CHARLOTTE, N.C. — Despite both programs off to underwhelming starts, North Carolina — ranked No. 1 to debut the season —  stood as one of the Michigan men’s basketball team’s toughest non-conference tests of the season. In what was essentially a home game for North Carolina — an event hosted by former Tar Heel Michael Jordan’s eponymous brand — the Wolverines had a chance to play the role of The Grinch. 

But they let that opportunity slip away, and the holidays came early for UNC and the rowdy Carolina blue-clad Spectrum Center crowd with Michigan (7-4 overall) ultimately falling to the Tar Heels (9-4), 80-76.

“Just putting it together for a full 40 minutes is something that we’ve been working on,” sophomore guard Kobe Bufkin said. “We’ve just got to get over that hump.”

It was the Wolverines’ backcourt that tried to get them over that hump in the first half. The trio of Bufkin, freshman wing Jett Howard and freshman guard Dug McDaniel combined for 26 of Michigan’s 34 first half points.

Those performances helped the Wolverines jump out to an early lead in the highly-physical contest. But what started as highly physical quickly escalated.

At the middle of it all was junior center Hunter Dickinson who stood over UNC’s Caleb Love after a foul. He exchanged words with the guard before the interaction devolved into a scuffle between the two teams. Class-A technical fouls were issued to Michigan’s Dickinson and McDaniel, as well as UNC’s Love and forward Armando Bacot.

“It was just two teams trying to win,” Bacot said. “When you’ve got two people trying to win, stuff like that happens.”

That conflict marked a change in momentum, as Dickinson and McDaniel went to the bench for the remainder of the half in foul trouble soon after. The Tar Heels took advantage of the situation, turning what was a four-point Wolverine lead at the time of the scrimmish into a 41-34 lead for UNC entering the break.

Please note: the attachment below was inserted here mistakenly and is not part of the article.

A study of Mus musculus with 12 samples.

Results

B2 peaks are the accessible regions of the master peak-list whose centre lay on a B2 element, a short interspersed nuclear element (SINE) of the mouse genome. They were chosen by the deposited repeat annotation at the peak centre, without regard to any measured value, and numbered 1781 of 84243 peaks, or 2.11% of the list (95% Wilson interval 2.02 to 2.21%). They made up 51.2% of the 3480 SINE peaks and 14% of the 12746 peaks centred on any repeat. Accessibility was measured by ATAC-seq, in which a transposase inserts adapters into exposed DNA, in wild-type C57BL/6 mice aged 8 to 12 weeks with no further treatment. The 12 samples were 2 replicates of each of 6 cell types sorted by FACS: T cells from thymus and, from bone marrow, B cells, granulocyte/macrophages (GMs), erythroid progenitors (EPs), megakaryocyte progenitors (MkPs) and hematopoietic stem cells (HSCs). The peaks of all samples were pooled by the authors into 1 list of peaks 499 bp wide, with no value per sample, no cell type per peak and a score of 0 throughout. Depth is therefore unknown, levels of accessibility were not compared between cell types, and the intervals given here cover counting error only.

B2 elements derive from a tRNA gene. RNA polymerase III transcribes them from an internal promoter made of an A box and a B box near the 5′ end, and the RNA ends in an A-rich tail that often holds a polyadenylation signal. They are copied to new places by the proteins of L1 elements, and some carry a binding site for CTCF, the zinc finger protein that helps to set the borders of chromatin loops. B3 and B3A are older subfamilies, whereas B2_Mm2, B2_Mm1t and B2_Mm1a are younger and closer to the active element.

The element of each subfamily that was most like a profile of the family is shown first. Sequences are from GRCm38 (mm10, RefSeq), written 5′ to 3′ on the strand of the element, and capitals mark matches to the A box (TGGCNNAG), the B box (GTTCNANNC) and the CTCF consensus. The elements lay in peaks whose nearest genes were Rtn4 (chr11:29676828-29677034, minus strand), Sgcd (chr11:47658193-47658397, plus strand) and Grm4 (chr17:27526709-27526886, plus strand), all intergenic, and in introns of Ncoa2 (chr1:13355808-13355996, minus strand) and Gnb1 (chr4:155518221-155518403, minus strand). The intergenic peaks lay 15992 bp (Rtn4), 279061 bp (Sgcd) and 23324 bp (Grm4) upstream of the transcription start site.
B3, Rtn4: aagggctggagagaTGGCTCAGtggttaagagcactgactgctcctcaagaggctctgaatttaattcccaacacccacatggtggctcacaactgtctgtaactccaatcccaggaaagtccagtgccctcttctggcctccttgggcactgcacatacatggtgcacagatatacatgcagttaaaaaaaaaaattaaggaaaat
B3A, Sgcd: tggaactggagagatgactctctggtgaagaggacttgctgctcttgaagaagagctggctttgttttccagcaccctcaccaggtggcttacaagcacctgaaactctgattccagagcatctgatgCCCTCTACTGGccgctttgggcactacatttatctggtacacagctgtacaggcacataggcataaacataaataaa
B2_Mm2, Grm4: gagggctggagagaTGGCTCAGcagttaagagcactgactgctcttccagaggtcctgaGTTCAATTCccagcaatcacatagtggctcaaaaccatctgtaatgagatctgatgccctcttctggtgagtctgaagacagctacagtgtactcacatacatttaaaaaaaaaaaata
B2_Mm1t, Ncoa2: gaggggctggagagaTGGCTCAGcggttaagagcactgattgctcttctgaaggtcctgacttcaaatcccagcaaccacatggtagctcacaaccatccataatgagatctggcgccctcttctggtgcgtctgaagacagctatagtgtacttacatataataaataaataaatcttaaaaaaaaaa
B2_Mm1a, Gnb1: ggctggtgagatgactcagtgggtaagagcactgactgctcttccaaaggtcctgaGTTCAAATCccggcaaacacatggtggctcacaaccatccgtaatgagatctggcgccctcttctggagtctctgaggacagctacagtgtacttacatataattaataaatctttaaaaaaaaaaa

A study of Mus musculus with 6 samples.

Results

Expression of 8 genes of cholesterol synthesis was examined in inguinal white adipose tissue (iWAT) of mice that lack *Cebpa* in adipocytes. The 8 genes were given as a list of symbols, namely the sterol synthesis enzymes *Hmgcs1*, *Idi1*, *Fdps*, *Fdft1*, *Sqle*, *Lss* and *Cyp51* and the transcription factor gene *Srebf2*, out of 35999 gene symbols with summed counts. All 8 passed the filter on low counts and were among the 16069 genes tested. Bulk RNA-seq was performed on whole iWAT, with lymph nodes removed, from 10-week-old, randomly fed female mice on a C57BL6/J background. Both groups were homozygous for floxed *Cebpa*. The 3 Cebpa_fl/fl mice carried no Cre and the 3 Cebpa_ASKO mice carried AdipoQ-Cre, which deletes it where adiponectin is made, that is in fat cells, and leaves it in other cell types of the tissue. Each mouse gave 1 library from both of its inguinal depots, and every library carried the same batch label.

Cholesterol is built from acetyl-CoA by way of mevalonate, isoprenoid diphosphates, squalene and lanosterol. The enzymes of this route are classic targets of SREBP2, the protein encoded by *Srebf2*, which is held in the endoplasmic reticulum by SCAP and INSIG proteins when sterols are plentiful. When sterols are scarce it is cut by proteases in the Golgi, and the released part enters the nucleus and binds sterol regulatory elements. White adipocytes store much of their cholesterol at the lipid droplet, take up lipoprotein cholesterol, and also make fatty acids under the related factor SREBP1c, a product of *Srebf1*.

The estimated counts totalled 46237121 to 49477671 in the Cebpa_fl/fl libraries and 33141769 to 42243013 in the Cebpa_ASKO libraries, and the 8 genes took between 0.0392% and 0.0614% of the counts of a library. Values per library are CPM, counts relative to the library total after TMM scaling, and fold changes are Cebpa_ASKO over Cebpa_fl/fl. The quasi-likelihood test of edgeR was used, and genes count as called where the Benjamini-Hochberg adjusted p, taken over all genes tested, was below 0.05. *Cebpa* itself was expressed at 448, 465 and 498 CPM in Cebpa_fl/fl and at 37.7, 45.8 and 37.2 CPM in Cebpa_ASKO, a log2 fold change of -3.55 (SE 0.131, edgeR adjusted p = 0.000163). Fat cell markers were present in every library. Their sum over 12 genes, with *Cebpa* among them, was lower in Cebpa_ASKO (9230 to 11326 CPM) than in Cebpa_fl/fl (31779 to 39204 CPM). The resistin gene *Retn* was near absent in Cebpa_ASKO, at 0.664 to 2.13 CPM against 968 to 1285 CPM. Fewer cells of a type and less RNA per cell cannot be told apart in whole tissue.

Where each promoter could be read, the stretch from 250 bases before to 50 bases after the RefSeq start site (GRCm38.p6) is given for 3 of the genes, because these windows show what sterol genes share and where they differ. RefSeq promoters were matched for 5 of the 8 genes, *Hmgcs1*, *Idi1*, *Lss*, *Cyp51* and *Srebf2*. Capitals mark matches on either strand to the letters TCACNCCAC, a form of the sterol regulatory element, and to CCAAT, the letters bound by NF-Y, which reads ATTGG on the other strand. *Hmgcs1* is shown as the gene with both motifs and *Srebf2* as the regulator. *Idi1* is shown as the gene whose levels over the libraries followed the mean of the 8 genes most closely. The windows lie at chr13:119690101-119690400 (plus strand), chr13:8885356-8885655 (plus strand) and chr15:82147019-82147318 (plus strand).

Coming out of the intermission, tempers cooled. Michigan kept up with the Tar Heels offensively, but struggled on the defensive side of the ball. Every time a Wolverine run sparked, Bacot — who finished with a game-high 26 points — or another UNC player stomped it out with a bucket of their own.

The Wolverines struggled to contain Bacot all night, but when he went to the bench after picking up his fourth foul with 6:47 left to play, Michigan had a chance to erase the Tar Heel lead completely.

And the Wolverines came close after a 3-pointer from graduate guard Joey Baker in transition with 3:37 left cut the UNC lead to just three points, capturing the momentum that had eluded Michigan all half while forcing a Tar Heel timeout. 

But Bacot checked back in out of the timeout, bringing the UNC offense with him. Two possessions into his return, Bacot finished through contact to protect the Tar Heel lead.

“This game is decided by a few possessions,” Howard said. “Those possessions mean a lot.”

Junior forward Terrance Williams II responded with a triple, and the Wolverines suddenly found themselves within two. But that was the closest they got. Michigan continued to score down the stretch, but failed to stifle the Tar Heel offense in the game’s most important moments.

After Williams’ 3-pointer, UNC scored in its last five possessions of the game. Despite the Wolverines scoring down the stretch, they simply couldn’t find that crucial stop.

“That’s probably the most frustrating part about it,” Howard said. “We feel like we’re better than a lot of these teams. We put in a lot of effort and a lot of time, and it’s the same result. So, you can understand why we’d be frustrated.”

Michigan once again couldn’t close it out after playing up to the caliber of a quality opponent. And as the final buzzer sounded, the already raucous sea of Carolina-blue erupted in the stands. The Wolverines knocked on the door, but failed to keep the Tar Heels’ scorers off the board down the stretch. 

And they couldn’t steal UNC’s night tonight.